RIO DE JANEIRO – Alcântara Cyclone Space, the bi-national company created in 2007 by Brazil and Ukraine, has fallen on hard times. The two allies formed the partnership to launch commercial satellites from the Alcântara Launch Center in Northeastern Brazil.
Alcântara Cyclone Space on Hard Times
Since December 2011, Alcântara Cyclone Space has not paid the contractors who do work on the launch site of the Ukrainian Cyclone-4.
According to Folha de São Paulo, the company has $20 million dollars in cash and debt of $25 million dollars with the building contractors.
The business plan, which the Board never approved, states that the company will be in deficit for 20 years.
And even then, will only achieve profitability if it can protect technology that would give it access to the largest private satellite market, the U.S.
“It may be that, as a matter of resources, the project has to take a break to reorganize,” the Brazilian director of Alcântara Cyclone Space, Brigadier Reginaldo dos Santos told Folha.
According to the Ukrainian director, Oleksandr Serdyuk, the consortium formed by Camargo Correa and Odebrecht have halved the number of workers at the site in Alcantara. He said that it would halt construction if the payments of $15 million dollars per month are not resumed.
“We’re not going to make the first launch in 2013, as requested by governments,” said Serdyuk.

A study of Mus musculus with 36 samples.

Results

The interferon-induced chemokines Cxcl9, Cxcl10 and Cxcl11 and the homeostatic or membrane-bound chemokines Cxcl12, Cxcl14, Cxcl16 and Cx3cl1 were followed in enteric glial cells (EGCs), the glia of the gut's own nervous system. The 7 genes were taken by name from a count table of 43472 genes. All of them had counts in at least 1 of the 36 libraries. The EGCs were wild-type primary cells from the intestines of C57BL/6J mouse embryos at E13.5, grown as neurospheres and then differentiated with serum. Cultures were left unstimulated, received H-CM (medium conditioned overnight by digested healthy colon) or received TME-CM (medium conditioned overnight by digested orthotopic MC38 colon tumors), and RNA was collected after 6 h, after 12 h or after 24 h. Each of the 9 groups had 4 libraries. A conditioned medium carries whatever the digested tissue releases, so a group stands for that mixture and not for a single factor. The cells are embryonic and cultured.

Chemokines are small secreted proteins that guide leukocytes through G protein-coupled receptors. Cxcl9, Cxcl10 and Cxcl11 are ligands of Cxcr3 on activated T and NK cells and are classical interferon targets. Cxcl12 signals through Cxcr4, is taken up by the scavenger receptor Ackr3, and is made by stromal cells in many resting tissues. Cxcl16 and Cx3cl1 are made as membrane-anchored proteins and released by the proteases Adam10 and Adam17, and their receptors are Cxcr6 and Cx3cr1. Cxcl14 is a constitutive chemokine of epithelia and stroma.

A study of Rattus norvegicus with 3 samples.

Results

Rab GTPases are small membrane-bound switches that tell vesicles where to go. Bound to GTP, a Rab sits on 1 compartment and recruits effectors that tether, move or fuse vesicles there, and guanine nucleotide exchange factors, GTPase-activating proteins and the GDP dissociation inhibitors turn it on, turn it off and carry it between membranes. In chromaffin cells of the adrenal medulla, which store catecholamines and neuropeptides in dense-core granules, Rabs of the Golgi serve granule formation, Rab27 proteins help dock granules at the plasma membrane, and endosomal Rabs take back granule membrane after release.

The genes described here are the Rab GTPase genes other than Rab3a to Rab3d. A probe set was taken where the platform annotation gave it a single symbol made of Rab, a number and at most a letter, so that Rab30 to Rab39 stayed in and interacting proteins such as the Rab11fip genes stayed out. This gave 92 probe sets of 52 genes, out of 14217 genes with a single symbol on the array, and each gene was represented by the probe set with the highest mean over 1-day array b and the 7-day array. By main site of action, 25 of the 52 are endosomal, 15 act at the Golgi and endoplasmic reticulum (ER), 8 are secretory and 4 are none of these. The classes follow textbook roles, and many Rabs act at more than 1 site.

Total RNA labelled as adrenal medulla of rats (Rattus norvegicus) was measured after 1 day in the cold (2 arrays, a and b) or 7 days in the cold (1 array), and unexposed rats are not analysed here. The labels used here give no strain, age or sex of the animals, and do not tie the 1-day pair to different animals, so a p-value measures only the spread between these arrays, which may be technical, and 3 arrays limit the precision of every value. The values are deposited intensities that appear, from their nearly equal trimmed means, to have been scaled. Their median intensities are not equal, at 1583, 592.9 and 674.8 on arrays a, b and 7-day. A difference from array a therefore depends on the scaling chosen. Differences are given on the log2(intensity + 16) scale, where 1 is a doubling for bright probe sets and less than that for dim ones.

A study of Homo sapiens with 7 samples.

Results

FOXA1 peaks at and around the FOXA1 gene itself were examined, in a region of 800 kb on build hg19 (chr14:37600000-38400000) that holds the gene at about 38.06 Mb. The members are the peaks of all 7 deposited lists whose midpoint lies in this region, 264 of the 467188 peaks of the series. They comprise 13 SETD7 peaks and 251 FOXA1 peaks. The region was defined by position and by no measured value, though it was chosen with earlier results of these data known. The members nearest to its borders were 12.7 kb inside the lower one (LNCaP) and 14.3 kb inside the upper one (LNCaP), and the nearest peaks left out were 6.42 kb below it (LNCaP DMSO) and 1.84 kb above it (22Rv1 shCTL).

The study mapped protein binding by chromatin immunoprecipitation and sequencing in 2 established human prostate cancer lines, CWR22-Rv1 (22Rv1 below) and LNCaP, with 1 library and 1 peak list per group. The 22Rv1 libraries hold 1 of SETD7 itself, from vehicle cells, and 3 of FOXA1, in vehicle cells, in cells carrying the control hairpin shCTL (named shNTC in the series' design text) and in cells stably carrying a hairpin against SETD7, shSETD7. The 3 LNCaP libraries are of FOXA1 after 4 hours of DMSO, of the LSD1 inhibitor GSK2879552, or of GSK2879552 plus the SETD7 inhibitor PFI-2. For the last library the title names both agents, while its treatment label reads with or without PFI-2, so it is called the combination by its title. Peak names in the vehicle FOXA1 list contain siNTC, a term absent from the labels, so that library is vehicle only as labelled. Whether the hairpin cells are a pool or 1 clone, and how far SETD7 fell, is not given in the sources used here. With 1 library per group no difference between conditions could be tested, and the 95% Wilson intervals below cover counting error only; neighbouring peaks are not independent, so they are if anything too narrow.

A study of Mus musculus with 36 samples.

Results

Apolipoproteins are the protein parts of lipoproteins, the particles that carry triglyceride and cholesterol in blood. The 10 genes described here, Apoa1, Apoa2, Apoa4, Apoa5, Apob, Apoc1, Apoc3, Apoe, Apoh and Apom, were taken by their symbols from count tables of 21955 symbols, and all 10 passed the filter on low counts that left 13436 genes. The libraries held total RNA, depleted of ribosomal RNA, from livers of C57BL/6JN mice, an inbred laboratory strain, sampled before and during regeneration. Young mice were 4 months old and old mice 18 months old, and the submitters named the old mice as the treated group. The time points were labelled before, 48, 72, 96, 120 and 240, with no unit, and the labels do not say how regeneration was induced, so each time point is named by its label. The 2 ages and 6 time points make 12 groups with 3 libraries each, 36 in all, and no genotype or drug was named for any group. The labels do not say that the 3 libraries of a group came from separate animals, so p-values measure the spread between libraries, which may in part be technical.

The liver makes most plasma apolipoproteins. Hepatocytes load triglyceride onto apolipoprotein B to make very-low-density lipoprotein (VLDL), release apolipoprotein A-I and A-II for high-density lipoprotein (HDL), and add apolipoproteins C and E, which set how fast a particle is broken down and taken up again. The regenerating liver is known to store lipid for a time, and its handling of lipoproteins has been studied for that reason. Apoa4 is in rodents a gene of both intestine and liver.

To support the launch plans, Alcântara Cyclone Space is calling for an extra $400 million dollars, half from the Brazilian government. This is in addition to the $65 million dollars that Brazil already committed to deposit this year, but which the government cut in the fiscal adjustment.
President Rousseff will have to decide by September – the month in which Alcântara Cyclone Space will run out of money – to throw away the $98 million dollars the country has invested in the company or to inject an extra $268 million dollars into the project.
Serdyuk and Santos highlight the strategic nature of the project. “Brazil in three years and for $250 million dollars, is receiving a launch center and access to space,” Serdyuk told Folha. “I think it costs about the same as a soccer stadium in Brazil.”
The prospect of making money with private launches was the motto used by the then Minister of Science and Technology, Roberto Amaral to convince then president Lula to fund the Alcântara Cyclone Space project in the first place.
In 2007, when the two allies formed the company, the forecast called for the governments to investment $30 million dollars, with the first launch scheduled for 2010.
Experts warned then that the costs were unrealistic and the market uncertain.
Amaral spoke of six or seven launches per year, but nobody outside the company had ever seen the Alcântara Cyclone Space business plan.
Santos said that the revised plan, which the company is preparing now, speaks of five launches per year at most.
“The plan became economically very small.”
The Brigadier also said that the debt with the Brazilian contractors is “friendly” and the company is servicing the contracts with the Ukrainian companies.
He attributes the escalation in cost and delay to the fact that Alcântara Cyclone Space is a development project. “It’s a package deal.”